00:24 GMT24 June 2021

    This figure excludes the $1.1 trillion taxpayers will fork over to the feds just to keep the jets operational, Bloomberg added in a Tuesday report. "The bad news on the F-35 fighter jet is even worse than it sounds," the report warned.

    The $400-billion estimate comprises a jump of 7 percent in procurement costs, according to a Selected Acquisition Report cited by the business news agency. Acquisition expenses were previously forecast to be $379 billion.

    Meanwhile, the jets’ myriad mechanical and technological snafus have managed to keep pace with their cost growth. Last month, 55 F-35s were kept on the ground after pilots experienced fits of oxygen poisoning mid-flight. The Pentagon went on to confess that hypoxia has troubled F-35 pilots since 2011. The jets were airborne again following the short hiatus without a concrete fix for air flow regulators.

    According to Senate Armed Forces Committee Chairman John McCain, the worst news about the jet’s price tag is yet to come. "After years of delays & massive cost overruns," the Select Acquisition Report is "another reminder that the true cost of the F-35 program is still TBD," he tweeted. 

    The F-35 Program Office maintains "the F-35 program remains within all cost, schedule and performance thresholds and continues to make steady progress," Vice Admiral Mat Winter told Congress on Monday.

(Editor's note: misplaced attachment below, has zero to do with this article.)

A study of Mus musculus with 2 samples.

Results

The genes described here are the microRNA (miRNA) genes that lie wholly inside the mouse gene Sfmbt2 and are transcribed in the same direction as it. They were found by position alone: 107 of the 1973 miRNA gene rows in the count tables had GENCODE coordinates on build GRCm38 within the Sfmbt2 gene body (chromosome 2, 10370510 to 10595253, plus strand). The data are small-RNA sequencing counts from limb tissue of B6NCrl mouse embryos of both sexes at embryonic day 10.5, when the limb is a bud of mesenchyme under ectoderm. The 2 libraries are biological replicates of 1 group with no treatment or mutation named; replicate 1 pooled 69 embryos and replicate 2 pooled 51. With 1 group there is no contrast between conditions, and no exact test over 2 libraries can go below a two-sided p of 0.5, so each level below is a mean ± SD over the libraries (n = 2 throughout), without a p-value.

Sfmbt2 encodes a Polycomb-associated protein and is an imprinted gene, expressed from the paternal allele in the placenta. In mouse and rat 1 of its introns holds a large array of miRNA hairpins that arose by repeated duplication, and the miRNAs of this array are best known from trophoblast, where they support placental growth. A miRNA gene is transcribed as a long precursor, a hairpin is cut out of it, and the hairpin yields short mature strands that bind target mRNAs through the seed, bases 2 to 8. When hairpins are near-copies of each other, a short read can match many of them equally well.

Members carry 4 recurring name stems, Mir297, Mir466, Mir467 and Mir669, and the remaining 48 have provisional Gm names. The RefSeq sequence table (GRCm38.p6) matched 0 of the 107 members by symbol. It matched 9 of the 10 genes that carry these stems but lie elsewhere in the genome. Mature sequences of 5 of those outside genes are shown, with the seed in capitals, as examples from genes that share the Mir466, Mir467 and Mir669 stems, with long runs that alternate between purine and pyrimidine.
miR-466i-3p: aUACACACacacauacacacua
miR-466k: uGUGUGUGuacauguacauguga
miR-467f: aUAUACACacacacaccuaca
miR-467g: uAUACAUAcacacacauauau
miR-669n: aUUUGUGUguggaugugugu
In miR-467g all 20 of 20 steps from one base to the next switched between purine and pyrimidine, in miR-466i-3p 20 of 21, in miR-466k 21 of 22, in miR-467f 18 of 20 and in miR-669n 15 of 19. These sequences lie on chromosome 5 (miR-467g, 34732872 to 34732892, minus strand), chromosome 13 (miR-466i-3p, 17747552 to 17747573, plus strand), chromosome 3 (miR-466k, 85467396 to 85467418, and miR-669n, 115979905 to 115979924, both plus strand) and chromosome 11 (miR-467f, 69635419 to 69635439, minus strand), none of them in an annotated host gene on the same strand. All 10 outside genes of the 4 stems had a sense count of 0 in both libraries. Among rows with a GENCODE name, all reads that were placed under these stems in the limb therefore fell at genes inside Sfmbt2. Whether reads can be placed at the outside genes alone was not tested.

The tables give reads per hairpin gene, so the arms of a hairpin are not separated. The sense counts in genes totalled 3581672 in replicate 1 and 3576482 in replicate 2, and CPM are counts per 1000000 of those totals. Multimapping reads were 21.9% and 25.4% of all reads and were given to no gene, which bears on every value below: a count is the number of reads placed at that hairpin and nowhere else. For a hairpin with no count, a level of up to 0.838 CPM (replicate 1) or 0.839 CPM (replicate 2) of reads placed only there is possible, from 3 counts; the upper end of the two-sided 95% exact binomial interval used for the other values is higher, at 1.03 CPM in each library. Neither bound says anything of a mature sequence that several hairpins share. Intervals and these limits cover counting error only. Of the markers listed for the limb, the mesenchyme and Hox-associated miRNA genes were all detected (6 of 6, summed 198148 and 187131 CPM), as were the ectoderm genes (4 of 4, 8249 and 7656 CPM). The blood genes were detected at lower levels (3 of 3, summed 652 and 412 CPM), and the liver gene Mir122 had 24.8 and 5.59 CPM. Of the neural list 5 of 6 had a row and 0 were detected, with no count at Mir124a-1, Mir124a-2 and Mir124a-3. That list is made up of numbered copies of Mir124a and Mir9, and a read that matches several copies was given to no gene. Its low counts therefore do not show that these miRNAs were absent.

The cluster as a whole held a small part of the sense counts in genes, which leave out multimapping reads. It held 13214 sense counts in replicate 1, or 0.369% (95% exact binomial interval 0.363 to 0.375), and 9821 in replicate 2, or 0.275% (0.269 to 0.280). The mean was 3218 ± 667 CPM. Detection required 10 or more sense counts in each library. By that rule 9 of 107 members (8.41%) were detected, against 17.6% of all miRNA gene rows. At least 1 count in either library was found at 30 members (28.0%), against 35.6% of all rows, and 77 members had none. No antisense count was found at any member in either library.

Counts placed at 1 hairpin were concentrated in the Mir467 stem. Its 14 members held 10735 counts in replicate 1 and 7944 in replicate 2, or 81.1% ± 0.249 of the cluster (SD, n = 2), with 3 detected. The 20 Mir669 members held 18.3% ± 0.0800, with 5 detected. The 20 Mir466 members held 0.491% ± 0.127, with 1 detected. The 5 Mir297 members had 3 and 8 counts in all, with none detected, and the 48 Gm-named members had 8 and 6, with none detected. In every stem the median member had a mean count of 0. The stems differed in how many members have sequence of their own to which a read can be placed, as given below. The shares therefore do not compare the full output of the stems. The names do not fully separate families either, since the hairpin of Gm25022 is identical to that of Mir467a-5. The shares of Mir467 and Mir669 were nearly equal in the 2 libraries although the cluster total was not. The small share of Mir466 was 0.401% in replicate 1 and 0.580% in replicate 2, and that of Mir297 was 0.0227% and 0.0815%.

The Pentagon remains “committed to the delivery of cost-effective war fighting capability across all areas of the program,” the admiral noted, adding that options to trim costs were being pursued  "aggressively."

    The cost increases are thought to be "largely driven" by expanded production schedules, Winter said. Lockheed Martin was not presented with the findings of the Select Acquisition Report prior to the document’s being shown to Capitol Hill.

    Lockheed investors may not be as displeased as the taxpayers who have to foot the bill: the JSF program is a primary "growth engine" for the company’s revenue, CEO Marilyn Hewson said during a January earnings call.

    "So. Much. Winning." Fiscal Times national correspondent Rob Garver tweeted on Monday in reference to the Bloomberg report.

    What else could all these new Defense Department acquisition dollars go toward?